Date: Mon, 03 Jun 1996 10:55:45 -0400
To: Athena Discuss 
Subject: Re: Otabil and rhetoric

David Meadows wrote:
> Style wasn't the issue with Mr. Otabil's posts; clarity was, 

Here is what you did say:
 -What I *do* recommend to my students, however, is "Don't obfuscate your
 -scholarly gleanings with overtly florid verbiage". 'nuff said?
And also:
 -Good to see the verbal advantage tapes are paying off for you. Here's a hint
 -from someone who has consistently received excellent evaluations from his
 -students -- don't try to impress people with large words; keep the heavy
 -vocabulary to a minimum and your point will be oh so much more clear. 
I think these comments--"overtly florid", "don't try to impress people
with large words"--constitute a clear criticism of style, moreover in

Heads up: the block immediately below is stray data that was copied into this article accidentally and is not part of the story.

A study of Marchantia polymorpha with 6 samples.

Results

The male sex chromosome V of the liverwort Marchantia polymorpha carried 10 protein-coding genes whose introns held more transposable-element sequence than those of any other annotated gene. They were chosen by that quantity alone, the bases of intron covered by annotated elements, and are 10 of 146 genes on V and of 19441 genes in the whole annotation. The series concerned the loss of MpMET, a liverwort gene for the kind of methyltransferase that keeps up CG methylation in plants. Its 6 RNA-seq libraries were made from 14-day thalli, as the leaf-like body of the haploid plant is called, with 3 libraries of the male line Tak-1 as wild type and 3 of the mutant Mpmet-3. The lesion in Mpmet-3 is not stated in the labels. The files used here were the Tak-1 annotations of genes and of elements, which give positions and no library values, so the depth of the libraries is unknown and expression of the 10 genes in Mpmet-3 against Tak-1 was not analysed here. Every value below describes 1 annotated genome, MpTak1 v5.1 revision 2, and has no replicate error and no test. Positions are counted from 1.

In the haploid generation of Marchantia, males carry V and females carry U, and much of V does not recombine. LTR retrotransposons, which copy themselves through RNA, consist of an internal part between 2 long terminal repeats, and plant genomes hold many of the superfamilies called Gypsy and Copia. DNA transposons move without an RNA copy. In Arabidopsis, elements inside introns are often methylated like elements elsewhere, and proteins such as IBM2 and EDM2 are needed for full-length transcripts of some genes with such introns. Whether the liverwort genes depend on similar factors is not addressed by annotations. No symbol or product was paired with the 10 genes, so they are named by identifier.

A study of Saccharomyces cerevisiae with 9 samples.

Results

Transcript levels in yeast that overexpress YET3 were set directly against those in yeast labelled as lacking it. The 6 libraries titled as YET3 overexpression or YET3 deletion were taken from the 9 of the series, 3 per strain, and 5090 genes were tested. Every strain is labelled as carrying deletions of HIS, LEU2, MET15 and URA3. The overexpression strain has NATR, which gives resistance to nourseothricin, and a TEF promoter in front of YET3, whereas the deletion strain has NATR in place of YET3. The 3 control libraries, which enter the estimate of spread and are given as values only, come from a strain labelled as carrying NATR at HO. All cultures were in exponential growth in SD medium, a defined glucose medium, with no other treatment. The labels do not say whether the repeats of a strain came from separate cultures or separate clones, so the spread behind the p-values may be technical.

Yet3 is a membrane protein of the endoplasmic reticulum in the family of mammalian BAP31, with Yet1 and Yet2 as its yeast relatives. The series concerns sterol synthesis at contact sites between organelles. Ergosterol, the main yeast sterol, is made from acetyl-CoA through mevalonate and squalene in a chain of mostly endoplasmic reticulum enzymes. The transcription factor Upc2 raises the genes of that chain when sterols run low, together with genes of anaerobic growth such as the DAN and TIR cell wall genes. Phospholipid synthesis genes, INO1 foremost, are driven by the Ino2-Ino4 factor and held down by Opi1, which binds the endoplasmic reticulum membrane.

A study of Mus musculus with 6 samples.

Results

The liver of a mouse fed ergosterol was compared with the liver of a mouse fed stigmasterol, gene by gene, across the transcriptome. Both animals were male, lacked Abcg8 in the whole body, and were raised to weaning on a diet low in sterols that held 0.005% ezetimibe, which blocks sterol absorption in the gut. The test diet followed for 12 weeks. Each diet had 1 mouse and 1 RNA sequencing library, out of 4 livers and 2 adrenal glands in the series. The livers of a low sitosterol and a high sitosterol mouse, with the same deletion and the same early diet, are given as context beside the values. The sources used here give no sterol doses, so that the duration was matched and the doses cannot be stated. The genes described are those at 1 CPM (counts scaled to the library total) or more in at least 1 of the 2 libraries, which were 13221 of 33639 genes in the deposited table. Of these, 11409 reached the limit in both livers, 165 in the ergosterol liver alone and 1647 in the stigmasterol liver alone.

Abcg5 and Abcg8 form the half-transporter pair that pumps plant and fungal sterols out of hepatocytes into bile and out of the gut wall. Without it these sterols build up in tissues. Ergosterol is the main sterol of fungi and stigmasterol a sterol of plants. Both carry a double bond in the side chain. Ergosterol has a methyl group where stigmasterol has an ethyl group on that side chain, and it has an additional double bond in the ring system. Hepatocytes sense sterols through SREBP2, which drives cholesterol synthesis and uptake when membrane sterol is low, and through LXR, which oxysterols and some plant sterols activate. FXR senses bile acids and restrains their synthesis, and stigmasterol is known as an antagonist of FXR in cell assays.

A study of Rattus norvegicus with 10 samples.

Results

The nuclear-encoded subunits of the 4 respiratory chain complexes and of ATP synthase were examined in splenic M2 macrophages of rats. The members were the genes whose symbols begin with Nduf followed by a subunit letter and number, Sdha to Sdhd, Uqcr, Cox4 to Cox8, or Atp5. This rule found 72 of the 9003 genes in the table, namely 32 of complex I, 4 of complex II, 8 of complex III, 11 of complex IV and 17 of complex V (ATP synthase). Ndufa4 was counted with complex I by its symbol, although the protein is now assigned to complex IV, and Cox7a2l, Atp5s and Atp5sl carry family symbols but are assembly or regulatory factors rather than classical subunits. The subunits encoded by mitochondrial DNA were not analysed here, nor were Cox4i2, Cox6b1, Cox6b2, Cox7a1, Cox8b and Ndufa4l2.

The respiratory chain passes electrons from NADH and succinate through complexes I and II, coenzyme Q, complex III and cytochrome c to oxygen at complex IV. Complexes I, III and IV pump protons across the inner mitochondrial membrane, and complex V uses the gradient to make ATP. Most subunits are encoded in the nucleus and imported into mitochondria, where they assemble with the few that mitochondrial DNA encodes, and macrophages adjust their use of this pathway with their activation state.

rather a patronising tone.

> and it was
> primarily with just one or two portions of his post. In particular, this
> paragraph:
> >     I repeat, the state of the question does not reduce to the shape of
> contest,>and so deserves studied attention. It can however reduce to such
> only if we>unthinkingly license the hysteria of `classics'-under-threat;
> i.e., classics pawn->canonized into the icon of readable western heritage.
> One pointer to the reduction>is the prompt disclaimer of `Eurocentrism' by
> those who are else so quick to give>their opponents a bad
> name--`Afrocentrism'--and hang, nay LYNCH, it on the>stake of hallowed
> `scholarship'.
> I understand the first sentence. In the second sentence I have really no
> idea what is going on after the i.e. and I really do not understand at all
> the use of pawn in the sentence (or any of the other sentences in which it
> is used). The third sentence is ambiguous -- if hallowed scholarship is
> portrayed as a stake, then hanging, nay lynching, `Afrocentrism', on it
> might be seen as a good thing, but I don't think that is what mr. Otabil
> intends. Similarly, the labels Eurocentric and Afrocentric both come from
> the Afrocentric side; so how does that fit in?

Selective obtuseness, like selective scepticism, is a tactic used
by the tendentious.  I think you are engaged in it here.